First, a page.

Festival in London

Unlike the Global theme of the Great Exhibition of 1851, the Festival in 1951 was specifically focussed on British achievments.

Labour politician Herbert Morrison saw the Festival as a means of giving the British people a symbolic pat on the back for their post war achievements and sacrifices. Gerald Barry, the Festival’s director general, claimed that the Festival would prove a ‘tonic to the nation’, however, not everyone was convinced.

Sir Thomas Beecham described it as ‘a monumental piece of imbecility’. Others claimed that the site on London’s South Bank would be a death trap because of overcrowding. It has been alleged that the Festival’s switchboard girl answered the telephone with, ‘Festering Britain here!’

Despite the high-profile criticism and economic gloom, due to the mass rearmament programme of the Korean War (1950-53). The Festival was actually a far more popular success than prophesised. In the five months that it was held (May – September 1951), around 8.5 million people visited the South Bank site.


Commentary: This is the Festival.

Something Britain devised, halfway through this century, As a milestone between past and future, To enrich and enliven the present. A diverse place, of serious fun, and light-hearted solemnity; Reclaimed from the bomb-wrack, and the decay of years; Here, in the heart of London.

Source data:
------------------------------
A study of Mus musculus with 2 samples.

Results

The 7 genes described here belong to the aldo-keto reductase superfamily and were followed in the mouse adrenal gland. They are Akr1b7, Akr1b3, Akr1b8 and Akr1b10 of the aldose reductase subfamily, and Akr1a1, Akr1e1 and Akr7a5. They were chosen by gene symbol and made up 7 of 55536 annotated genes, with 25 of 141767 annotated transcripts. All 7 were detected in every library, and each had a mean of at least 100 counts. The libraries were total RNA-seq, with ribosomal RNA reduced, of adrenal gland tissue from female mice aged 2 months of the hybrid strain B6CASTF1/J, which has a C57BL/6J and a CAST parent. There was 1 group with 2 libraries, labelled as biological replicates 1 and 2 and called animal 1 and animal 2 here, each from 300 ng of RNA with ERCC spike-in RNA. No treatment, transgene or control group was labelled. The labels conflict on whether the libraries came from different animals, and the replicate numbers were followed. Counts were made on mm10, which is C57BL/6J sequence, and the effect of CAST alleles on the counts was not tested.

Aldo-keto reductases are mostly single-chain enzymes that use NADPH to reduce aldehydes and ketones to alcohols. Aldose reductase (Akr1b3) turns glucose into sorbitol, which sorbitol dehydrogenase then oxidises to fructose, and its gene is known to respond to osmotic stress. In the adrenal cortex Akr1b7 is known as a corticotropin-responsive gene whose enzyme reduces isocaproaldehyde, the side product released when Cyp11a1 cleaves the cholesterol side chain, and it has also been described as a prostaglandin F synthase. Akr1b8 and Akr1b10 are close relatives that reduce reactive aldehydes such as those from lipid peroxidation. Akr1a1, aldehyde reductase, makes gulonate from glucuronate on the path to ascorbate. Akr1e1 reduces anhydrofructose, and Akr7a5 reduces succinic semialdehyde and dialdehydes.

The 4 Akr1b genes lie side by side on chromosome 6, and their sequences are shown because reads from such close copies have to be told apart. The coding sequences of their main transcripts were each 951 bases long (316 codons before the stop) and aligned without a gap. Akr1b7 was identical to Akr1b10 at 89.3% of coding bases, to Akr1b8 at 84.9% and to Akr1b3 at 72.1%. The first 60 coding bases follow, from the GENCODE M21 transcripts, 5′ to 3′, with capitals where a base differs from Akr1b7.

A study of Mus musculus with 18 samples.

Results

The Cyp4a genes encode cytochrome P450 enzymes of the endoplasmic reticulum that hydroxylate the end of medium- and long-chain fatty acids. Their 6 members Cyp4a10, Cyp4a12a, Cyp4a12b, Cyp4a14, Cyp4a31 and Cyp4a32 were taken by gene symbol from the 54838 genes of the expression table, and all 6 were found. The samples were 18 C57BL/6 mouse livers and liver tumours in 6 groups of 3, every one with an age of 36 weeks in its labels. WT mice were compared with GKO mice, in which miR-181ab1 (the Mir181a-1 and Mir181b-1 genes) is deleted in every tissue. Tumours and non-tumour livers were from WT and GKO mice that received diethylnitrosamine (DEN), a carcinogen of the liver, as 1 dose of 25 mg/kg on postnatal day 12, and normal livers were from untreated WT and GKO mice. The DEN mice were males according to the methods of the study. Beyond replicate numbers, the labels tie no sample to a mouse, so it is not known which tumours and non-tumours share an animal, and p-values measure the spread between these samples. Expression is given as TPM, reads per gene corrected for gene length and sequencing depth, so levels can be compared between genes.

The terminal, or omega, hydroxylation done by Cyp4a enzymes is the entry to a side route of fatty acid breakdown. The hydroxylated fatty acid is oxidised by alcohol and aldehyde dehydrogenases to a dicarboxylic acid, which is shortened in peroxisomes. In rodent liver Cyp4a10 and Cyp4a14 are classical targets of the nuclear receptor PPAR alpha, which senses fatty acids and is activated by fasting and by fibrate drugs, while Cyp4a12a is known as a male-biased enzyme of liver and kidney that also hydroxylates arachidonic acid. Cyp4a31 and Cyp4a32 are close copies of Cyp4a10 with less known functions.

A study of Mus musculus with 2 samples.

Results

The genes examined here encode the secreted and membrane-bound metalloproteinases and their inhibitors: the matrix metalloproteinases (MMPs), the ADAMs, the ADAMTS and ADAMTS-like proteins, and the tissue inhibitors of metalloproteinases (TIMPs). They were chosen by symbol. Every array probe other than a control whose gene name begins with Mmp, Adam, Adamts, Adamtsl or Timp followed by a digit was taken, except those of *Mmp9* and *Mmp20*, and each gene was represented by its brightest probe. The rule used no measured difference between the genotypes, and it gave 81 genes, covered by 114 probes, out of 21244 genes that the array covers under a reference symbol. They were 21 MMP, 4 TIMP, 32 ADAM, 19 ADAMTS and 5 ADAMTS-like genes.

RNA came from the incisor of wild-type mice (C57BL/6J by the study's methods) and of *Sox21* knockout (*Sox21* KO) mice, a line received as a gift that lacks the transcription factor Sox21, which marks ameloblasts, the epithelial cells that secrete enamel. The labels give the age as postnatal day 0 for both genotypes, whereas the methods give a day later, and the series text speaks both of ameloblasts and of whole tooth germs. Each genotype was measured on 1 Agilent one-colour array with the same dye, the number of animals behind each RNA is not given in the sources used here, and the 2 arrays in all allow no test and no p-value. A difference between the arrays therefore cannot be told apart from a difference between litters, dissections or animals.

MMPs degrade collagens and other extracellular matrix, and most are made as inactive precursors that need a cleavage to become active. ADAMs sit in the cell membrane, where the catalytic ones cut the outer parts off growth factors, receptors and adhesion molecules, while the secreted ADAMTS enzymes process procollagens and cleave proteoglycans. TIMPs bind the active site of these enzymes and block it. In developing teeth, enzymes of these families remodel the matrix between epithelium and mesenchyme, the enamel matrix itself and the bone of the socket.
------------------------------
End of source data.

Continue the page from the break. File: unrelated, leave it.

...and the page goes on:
It is open house on the South Bank. To those from home, and to those who come from other lands. How to show the essence of Britain? Here, beneath the Dome of Discovery, vast as a city square, appears the story of the great researches. Of man’s probing into mysteries, of his revelations of the hidden worlds, his mastery of unknown things, his harnessing of secret forces. This is the world of the pioneers, of Darwin, who opened new doors of thought, of Newton, of atomic research, of Captain Cook. Of nuclear physics, and great works of humanity. Florence Nightingale, Alexander Fleming. And so, to the world of today. To the things we make. Machines, Radar and jet propulsion. Speed and ingenuity. The skills that made the British workman famous.

These are things our Festival shows in the making. This is the solid centre of the Festival; Design and craftmanship and quality that go to make the fame of Britain’s goods. Well, we get all sorts. All types. All opinions.

That’s us. Or some of us. For we’re more than that… We are the Lion and the Unicorn.

The Lion is our strength; the Unicorn our imagination.

We smile at our follies and our most profound beliefs;

Such as tradition.

Such as peace.

Such as justice.

Such as, it must be faced, a belief in the equal value Of the nobler matters of patriotism… And in the White Knight of Lewis Carroll and in the works of Mr. Lear. The long nosed lady and Alice… beside it all runs the Thames. Upstream to Battersea, linking the big show with its brighter half. So we gave welcome to our guests, and delight to ourselves. Sharing our pleasure in the things we know so well, and preserve so consistently.

Lights and laughter; all the merriment

Of a people who build with gladness on an old inheritance.